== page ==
Ray Dalio, billionaire founder of the hedge fund Bridgewater Associates, predicted that the biggest money in 2013 will be made by shorting U.S. Treasuries. Former Merrill Lynch chief quantitative strategist Richard Bernstein listed a long position in U.S. long-term Treasuries – the most volatile segment of the bond market – as one of his top investment ideas for 2013. What gives?

Mr. Dalio's outlook is all-around grim. He believes that the U.S. Federal Reserve has done all it could to support asset prices and, with the effectiveness of each round of quantitative easing declining, will be more or less powerless to stop a U.S. economic slide. Pinned down to predict a time frame during a recent panel discussion, he projects a steep selloff in U.S. Treasury bonds and rising interest rates in late 2013.


The calculation of discounted cash flow, using this handy online calculator, shows the importance of interest rates in equity valuation. For example, assuming an annual 10 per cent earnings growth rate, a $100 investment paying $2.50 a year for five years is worth 221.71 at current rates. But if rates rise to 3 per cent, inflation erodes the value of the futures earnings and the value falls to $131.06.

Mr. Bernstein's outlook shows far more faith in the Fed. He notes that investor risk aversion has pushed most bond investor assets into short-term bonds, which has historically been the lower risk strategy relative to longer-term issues. For Mr. Bernstein, the vast amounts of money being pumped in to the U.S. economy by the Fed will be enough to keep bond prices high and interest rates low. As bond markets become more comfortable with the environment, investments will gravitate to the more volatile longer-term bonds, pushing bond prices higher.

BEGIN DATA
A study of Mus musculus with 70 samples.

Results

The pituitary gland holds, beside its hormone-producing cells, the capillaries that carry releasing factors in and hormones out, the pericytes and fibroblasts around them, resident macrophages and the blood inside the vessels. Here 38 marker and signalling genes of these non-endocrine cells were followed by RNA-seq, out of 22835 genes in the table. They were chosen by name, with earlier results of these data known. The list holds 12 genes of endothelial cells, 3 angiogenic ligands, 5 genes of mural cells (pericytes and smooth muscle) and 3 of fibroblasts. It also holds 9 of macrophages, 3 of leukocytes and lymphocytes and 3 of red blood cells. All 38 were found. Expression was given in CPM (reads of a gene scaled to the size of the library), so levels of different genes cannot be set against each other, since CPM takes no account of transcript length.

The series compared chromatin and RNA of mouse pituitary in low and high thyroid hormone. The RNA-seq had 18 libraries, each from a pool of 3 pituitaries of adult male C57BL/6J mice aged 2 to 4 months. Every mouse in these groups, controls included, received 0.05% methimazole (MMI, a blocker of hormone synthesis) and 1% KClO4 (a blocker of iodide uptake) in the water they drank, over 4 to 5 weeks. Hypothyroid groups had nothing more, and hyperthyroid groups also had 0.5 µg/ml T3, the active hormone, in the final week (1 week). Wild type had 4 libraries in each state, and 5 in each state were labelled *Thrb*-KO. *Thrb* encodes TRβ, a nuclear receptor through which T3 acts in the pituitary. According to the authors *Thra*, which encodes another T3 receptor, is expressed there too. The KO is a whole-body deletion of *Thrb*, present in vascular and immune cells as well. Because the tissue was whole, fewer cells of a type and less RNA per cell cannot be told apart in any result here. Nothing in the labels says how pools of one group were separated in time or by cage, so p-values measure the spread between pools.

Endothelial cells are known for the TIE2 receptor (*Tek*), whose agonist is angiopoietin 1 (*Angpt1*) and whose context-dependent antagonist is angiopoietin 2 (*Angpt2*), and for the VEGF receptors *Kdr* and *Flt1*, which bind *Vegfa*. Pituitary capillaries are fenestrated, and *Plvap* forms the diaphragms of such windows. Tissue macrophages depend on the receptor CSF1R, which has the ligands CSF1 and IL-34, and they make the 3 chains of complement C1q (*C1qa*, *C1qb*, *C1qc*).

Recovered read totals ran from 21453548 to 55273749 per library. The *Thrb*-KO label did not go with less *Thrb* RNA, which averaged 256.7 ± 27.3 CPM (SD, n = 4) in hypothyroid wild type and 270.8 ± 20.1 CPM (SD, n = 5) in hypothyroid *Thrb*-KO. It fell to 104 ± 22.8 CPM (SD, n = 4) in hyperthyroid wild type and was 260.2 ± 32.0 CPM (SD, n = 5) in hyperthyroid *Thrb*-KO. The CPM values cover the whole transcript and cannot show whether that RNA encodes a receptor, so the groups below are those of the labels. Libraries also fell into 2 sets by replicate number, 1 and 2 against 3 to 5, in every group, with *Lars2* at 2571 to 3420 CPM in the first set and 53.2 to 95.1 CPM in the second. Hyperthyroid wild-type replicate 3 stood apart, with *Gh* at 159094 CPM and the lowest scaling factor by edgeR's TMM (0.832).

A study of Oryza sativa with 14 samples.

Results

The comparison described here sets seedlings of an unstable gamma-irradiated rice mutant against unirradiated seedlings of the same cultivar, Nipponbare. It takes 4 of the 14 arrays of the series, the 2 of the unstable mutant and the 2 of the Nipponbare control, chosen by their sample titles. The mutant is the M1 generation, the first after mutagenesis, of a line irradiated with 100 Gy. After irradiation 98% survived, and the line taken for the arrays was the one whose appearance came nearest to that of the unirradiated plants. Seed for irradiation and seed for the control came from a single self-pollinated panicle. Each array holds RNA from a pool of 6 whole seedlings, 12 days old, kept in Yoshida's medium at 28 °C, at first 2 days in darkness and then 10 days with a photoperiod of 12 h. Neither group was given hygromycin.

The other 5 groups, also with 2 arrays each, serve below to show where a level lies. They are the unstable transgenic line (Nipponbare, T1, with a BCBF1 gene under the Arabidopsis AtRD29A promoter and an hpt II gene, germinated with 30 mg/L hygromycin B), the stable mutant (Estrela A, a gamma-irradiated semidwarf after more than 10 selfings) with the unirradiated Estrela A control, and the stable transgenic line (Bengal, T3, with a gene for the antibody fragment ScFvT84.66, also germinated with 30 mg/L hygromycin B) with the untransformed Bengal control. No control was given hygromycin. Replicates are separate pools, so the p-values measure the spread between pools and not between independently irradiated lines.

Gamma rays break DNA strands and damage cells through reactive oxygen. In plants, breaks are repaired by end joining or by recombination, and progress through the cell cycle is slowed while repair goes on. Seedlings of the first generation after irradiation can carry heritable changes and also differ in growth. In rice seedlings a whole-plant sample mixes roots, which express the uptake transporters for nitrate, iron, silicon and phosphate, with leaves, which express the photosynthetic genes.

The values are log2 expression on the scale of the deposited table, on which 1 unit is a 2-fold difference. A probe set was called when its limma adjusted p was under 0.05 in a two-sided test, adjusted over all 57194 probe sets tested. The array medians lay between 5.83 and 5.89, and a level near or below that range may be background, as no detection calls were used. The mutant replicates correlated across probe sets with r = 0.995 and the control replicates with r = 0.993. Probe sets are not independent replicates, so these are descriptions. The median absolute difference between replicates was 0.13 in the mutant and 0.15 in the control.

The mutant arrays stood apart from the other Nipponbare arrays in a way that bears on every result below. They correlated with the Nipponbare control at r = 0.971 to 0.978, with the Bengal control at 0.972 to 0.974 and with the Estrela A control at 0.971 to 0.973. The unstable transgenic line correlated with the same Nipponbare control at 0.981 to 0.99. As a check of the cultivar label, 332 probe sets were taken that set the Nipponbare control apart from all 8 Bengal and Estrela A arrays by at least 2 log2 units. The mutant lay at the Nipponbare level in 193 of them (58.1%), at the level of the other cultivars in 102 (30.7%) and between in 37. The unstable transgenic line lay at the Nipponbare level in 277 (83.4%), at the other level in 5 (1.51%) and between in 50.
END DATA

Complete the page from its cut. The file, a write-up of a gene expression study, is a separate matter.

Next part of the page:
It is uncomfortable to side against Mr. Dalio, who predicted both the financial crisis and the 2009 market recovery, but we lean more towards Mr. Bernstein's view for 2013. In addition to the liquidity argument Mr. Bernstein cites, the income trust craze taught Canadians that investor lust for income can continue for far longer than previously thought. U.S. demographics, as the baby boomers retire, suggest a continued appetite for safe, yield-bearing instruments that should also support U.S. bond prices.